Partial solar eclipse observed by SDI

23 October 2014. The images show a large Sunspot that appeared two days earlier. The SDI telescope uses the Sun as a guide star to keep its image to be well-projected onto the entrance fibres to the spectrograph. As it is equipped with a guiding video camera, it allows us to observe any other events of interest like the partial solar eclipse in Arizona on October 23 which lasted from 14:21 to 16:45 MST with a maximum of the obscuration up to 33% at 15:37 MST (UTC-7).
Partial solar eclipse observed by SDI

SDI image of a partial solar eclipse on 23 October.

PEPSI is a high-resolution echelle spectrograph recently installed on the 2x8.4m Large Binocular Telescope (LBT) on Mt.Graham in Arizona and designed to obtain spectra in integral light from the Nasmyth focal station or polarized spectra with polarimeters located at the Gregorian focus of the telescope.

As an additional functionality, PEPSI uses a small 1cm binocular Solar telescope located outside the LBT in order to feed the spectrograph with the solar disk integrated (SDI) light with a resolving power of 270 000 over the whole optical spectral range. The purpose of this instrument is to take high signal-to-noise Solar spectra continuously on every day basis over the whole solar cycle to study the pressure and gravity modes of solar pulsations in high resolution, as well as, long term line profile variation over solar cycle.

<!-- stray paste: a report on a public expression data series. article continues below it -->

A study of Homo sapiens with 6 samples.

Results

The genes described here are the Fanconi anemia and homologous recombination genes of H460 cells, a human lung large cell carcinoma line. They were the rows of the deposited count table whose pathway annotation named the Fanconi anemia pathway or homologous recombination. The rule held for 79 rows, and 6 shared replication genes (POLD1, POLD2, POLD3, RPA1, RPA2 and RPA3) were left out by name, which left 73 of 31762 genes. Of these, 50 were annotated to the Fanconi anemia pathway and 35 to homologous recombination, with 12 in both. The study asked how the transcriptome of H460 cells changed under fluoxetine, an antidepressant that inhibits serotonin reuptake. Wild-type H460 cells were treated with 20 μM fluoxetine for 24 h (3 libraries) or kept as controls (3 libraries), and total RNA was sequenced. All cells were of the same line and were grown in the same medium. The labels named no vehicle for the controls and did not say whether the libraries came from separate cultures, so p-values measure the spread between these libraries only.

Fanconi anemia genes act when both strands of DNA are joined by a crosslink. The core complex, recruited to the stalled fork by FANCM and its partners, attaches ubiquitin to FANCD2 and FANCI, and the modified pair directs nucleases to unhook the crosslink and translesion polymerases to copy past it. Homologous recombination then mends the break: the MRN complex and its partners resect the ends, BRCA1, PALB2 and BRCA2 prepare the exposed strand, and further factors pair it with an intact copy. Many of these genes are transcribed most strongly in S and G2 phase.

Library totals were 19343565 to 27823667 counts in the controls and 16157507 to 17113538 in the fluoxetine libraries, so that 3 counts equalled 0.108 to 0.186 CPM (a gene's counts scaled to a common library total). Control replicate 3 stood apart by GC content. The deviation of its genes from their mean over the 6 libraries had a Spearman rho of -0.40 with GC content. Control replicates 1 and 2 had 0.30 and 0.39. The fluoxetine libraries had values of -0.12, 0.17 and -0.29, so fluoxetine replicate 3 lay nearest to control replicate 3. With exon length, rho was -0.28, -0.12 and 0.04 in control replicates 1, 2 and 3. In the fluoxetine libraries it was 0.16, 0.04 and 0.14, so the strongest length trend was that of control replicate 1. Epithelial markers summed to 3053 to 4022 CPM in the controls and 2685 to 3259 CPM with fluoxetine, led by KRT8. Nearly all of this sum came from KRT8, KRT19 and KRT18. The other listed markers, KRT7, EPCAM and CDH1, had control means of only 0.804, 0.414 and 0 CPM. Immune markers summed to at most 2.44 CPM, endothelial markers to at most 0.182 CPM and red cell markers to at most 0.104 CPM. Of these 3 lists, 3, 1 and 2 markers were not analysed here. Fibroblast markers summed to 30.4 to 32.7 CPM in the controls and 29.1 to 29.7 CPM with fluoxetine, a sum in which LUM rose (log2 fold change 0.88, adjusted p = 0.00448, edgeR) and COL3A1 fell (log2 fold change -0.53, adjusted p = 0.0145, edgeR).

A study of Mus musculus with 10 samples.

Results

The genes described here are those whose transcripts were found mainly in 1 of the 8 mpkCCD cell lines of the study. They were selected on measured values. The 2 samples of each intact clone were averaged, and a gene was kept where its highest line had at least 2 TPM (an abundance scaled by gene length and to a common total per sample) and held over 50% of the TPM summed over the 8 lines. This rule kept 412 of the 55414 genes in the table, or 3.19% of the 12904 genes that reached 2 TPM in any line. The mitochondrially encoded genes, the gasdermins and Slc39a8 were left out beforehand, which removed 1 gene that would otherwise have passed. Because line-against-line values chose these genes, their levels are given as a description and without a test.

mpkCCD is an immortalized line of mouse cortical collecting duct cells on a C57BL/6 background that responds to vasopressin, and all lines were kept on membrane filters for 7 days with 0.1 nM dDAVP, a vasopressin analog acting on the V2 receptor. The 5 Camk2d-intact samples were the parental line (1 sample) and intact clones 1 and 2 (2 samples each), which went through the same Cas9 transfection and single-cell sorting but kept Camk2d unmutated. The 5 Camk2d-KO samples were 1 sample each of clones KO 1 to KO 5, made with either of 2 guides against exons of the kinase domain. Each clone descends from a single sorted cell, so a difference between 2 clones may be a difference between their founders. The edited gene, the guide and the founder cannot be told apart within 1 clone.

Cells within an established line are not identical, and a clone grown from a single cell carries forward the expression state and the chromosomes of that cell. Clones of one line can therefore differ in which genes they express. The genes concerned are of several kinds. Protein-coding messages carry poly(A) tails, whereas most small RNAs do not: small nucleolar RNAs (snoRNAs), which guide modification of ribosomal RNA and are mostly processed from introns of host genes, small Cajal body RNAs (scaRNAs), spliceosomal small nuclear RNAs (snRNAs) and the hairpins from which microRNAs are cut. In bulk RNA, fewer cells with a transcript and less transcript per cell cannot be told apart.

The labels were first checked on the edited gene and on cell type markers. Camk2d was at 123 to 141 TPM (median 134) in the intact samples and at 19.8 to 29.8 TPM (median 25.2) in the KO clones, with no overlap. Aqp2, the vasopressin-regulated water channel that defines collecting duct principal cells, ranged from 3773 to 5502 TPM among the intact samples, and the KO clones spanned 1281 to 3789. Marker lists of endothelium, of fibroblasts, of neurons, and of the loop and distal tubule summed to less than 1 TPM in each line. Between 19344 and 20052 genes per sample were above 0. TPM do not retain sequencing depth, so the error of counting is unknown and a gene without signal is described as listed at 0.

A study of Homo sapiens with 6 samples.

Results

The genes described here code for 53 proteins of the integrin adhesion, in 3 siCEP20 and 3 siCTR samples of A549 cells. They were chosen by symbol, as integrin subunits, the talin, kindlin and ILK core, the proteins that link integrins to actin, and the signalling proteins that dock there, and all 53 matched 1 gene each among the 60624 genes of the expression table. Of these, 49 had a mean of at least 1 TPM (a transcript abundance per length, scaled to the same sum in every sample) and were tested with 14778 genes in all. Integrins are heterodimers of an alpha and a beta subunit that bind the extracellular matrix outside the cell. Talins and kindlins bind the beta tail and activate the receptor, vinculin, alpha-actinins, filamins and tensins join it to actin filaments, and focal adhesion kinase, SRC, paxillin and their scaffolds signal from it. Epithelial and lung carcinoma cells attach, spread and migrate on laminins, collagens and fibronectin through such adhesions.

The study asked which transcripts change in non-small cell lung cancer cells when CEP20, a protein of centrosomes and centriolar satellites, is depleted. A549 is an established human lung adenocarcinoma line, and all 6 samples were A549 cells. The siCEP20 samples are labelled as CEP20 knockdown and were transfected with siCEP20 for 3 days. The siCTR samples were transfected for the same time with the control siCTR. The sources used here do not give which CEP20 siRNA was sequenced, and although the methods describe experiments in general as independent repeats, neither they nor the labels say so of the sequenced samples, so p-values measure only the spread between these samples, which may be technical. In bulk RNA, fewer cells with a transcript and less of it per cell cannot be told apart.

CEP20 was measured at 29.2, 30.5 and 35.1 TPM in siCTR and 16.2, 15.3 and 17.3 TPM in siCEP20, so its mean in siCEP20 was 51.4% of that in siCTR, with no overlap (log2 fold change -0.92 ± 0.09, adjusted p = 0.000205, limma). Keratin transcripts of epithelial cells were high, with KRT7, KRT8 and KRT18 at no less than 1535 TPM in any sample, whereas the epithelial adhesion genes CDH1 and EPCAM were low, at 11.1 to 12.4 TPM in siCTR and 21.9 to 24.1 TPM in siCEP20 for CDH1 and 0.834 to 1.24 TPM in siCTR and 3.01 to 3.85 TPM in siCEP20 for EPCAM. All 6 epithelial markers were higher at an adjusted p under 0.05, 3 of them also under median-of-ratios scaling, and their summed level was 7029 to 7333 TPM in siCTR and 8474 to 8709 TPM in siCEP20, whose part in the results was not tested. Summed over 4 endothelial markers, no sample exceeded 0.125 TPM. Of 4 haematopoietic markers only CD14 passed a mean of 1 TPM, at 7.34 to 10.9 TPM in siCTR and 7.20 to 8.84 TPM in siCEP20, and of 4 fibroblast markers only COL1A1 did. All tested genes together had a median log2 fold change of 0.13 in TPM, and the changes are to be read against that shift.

The key topics of the Leibniz Institute for Astrophysics Potsdam (AIP) are cosmic magnetic fields and extragalactic astrophysics. A considerable part of the institute's efforts aim at the development of research technology in the fields of spectroscopy, robotic telescopes, and e-science. The AIP is the successor of the Berlin Observatory founded in 1700 and of the Astrophysical Observatory of Potsdam founded in 1874. The latter was the world's first observatory to emphasize explicitly the research area of astrophysics. Since 1992 the AIP is a member of the Leibniz Association.